If you're near the Capitol on the Fourth, celebrating your patriotism and whatnot, or if you see images from Washington of the building during broadcasts of John P. Sousa performances, take a look at the flag on top of the dome. That flag, ladies and gentlemen, will for the first time in decades be made of hemp.
The Washington Post reports on the patriotic move. (Its headline includes the word "high," do you get it?)
Colorado hemp advocate Michael Bowman is the man responsible for getting the flag, made from Colorado-raised hemp and screen-printed with the stars and stripes, up there.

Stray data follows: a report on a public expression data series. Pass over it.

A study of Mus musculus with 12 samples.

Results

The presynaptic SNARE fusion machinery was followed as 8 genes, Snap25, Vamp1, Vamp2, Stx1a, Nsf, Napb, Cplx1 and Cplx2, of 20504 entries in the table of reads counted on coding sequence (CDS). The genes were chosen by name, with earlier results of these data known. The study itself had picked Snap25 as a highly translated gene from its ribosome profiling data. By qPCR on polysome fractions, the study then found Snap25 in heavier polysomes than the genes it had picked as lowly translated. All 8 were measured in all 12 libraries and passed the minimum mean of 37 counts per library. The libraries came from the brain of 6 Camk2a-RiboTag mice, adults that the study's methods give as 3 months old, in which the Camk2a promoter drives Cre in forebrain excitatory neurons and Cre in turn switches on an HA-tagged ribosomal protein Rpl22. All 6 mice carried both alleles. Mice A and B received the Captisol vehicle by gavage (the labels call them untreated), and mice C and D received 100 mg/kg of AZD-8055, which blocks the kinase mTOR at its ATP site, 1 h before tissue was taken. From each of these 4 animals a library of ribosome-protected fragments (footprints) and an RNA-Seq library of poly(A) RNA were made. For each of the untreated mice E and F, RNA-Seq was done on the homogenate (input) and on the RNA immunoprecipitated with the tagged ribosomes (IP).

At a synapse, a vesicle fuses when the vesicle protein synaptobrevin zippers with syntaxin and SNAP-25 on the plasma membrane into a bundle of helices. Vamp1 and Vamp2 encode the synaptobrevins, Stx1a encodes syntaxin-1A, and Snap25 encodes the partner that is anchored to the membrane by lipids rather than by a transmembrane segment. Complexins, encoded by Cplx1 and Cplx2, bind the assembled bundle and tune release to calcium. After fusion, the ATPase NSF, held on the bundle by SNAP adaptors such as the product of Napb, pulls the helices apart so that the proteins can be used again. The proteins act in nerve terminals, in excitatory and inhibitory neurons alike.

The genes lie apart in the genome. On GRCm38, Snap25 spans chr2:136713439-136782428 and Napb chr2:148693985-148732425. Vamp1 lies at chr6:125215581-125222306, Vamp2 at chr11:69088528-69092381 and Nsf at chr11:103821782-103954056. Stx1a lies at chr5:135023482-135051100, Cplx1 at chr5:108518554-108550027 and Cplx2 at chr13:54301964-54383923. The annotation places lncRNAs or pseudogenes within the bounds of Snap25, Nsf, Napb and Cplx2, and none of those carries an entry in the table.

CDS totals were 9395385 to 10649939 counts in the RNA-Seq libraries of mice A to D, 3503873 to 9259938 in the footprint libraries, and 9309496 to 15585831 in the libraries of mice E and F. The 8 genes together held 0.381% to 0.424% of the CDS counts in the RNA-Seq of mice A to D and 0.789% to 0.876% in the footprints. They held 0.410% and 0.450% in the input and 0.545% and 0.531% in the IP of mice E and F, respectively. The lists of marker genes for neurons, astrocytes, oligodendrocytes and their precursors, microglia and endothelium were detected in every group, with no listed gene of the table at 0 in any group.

He cooked up the idea while lobbying Congress this year to include pro-hemp measures in the farm bill. That legislation failed, of course, but the seed of the hemp flag had been planted.
Not literally; that legislation was up only two weeks ago, and hemp takes longer than that to grow. (The more you know.™)
Hemp advocate Bowman couldn't have gotten the flag flying without the help of Rep. Jared Polis of Colorado. The Capitol has a program through which members of Congress can send in flags to be flown above the Capitol. (No bigger than 8' by 12'; no flags on Thanksgiving, Christmas, or New Year's Day.) Polis sent in Bowman's.
During debate on the Farm Bill last month, Polis also used the flag to emphasize his point about the need for expanded industrial hemp research. In his speech on the floor (which you can see at right), Polis points out that the first American flag ever made, the Betsy Ross original, was made of hemp. Polis's amendment passed. The bill to which it was attached didn't.